Creating Bird-Friendly Buildings is one of three key elements of Audubon’s Bird-Friendly Communities program. Each year, as many as one billion birds in the U.S. collide with windows and most of these birds die from their injuries. Reflective glass and bright lights that illuminate the built environment cause these collisions. But, new innovations in materials and design are helping to steer communities, and birds, in the right direction. And in Pennsylvania, that effort is led by Audubon’s Keith Russell, Program Manager for Urban Conservation.
For nearly a decade, students and staff at the University of Pennsylvania, alongside Keith, have been working together to make their Philadelphia campus a safer, more welcoming place for birds. In a remarkably forward-thinking approach to conservation, the University’s department of Facilities and Real Estate Services has undertaken multiple projects intended to modify various collision prone campus buildings in an effort to significantly reduce bird-window collisions on campus.
The University’s latest project involves a campus dormitory, a group of student representatives, and the largest bird-friendly retrofit project on campus to date.
At Lauder College House, students were alarmed by the high mortality rate of birds due to collisions with windows surrounding a large courtyard at the seven-story dormitory. The students connected with the Faculty Director who was instrumental in elevating the concerns to the Facilities and Real Estate Services department. Together, the students and staff aimed to turn their concerns into action. They advocated for meaningful change that ultimately resulted in a bird-friendly film retrofit to the entire ground floor of the courtyard area this May, funded by Residential and Hospitality Services, part of Penn's Business Services Division, with technical expertise for the project provided by Audubon. By adding a pattern of unobtrusive white dots to the windows, they made a critical change to the way birds see and interact with the building, potentially resulting in a drastic reduction in bird deaths on campus. And, this is just phase one!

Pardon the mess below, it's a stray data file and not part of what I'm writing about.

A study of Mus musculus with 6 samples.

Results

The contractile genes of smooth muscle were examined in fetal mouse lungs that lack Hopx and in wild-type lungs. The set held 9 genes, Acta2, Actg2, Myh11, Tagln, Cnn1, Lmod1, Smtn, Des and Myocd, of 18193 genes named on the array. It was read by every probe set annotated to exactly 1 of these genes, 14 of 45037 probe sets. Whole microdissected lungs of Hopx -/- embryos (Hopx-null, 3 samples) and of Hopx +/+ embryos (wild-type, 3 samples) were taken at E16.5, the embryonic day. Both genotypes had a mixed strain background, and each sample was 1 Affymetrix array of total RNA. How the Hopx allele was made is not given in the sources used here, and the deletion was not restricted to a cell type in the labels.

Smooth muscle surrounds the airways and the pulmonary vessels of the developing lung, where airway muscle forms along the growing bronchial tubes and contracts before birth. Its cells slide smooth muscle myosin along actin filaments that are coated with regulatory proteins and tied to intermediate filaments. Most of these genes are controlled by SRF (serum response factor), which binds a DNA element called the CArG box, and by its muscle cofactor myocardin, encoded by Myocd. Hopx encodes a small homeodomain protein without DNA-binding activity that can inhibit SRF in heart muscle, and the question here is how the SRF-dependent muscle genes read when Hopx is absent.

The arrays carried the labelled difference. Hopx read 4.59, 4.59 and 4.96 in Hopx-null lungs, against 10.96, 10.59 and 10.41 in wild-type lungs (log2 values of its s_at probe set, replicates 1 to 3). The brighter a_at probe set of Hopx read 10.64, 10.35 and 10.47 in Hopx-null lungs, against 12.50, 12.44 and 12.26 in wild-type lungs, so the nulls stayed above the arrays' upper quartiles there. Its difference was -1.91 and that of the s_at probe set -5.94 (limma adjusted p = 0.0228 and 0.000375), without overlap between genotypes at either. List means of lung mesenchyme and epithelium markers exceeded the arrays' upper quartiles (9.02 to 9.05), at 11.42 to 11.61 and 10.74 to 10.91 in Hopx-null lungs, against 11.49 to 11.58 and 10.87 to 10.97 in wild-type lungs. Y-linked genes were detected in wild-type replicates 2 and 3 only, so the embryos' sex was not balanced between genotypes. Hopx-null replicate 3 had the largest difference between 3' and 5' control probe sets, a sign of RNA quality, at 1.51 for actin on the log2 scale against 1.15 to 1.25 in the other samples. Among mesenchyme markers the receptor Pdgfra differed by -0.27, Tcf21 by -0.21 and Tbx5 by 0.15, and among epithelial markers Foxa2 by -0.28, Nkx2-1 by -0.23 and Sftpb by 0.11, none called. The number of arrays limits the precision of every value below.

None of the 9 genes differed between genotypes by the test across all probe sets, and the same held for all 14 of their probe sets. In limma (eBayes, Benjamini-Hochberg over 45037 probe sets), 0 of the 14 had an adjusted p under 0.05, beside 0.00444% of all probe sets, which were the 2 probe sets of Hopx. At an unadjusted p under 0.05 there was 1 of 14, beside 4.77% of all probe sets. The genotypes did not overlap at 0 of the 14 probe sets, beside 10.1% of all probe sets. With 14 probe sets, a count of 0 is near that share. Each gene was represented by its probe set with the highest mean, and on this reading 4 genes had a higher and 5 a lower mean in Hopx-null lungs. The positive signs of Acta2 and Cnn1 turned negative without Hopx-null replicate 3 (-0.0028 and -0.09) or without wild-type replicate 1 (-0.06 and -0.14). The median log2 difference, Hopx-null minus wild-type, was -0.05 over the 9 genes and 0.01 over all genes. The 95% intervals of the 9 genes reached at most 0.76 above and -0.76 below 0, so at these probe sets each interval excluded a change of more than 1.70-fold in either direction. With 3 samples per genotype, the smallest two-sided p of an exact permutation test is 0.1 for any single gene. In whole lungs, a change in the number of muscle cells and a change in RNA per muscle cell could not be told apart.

Over the next several months, as fall migration gets underway, students and several members of university’s staff will collaborate to monitor how the mitigation efforts affect birds. They will be documenting collision statistics including the number of strikes, types of species, location, time of day, and lighting conditions that were in effect at the time of each collision. In partnership with Audubon Pennsylvania, the University will use this data to inform decisions made with regard to future phases of the project. Learning more about the specifics of each collision will help staff to prioritize efforts and resources toward the most substantive and impactful changes for each phase of the project.
With assistance from Audubon, the University of Pennsylvania’s work on bird-friendly buildings began in 2015 with the application of film with a collision-preventing pattern over collision-prone windows on two buildings - one at the University’s medical school and another at the veterinary school. Since this work was completed, only one bird collision has been recorded on these windows.
Projects like the one at Lauder College House are invaluable and help to set the stage for the next generation of bird-friendly design, but the benefits are much broader. This project is helping the University of Pennsylvania to meet its Climate and Sustainability Action Plan goals. Students are enacting meaningful change through collaboration and innovation. And, models are being shared through documentation including new bird-friendly guidelines developed by the University’s department of Facilities and Real Estate Services and a report on bird strike awareness on campus developed by Penn Sustainability's student Eco-Reps.
For more information about Audubon Pennsylvania’s Bird-Friendly Buildings program, contact Keith.Russell@audubon.org.
For more information on the University of Pennsylvania’s bird-friendly initiatives, contact Chloe Cerwinka, Landscape Planner for Facilities and Real Estate Services, at email@example.com.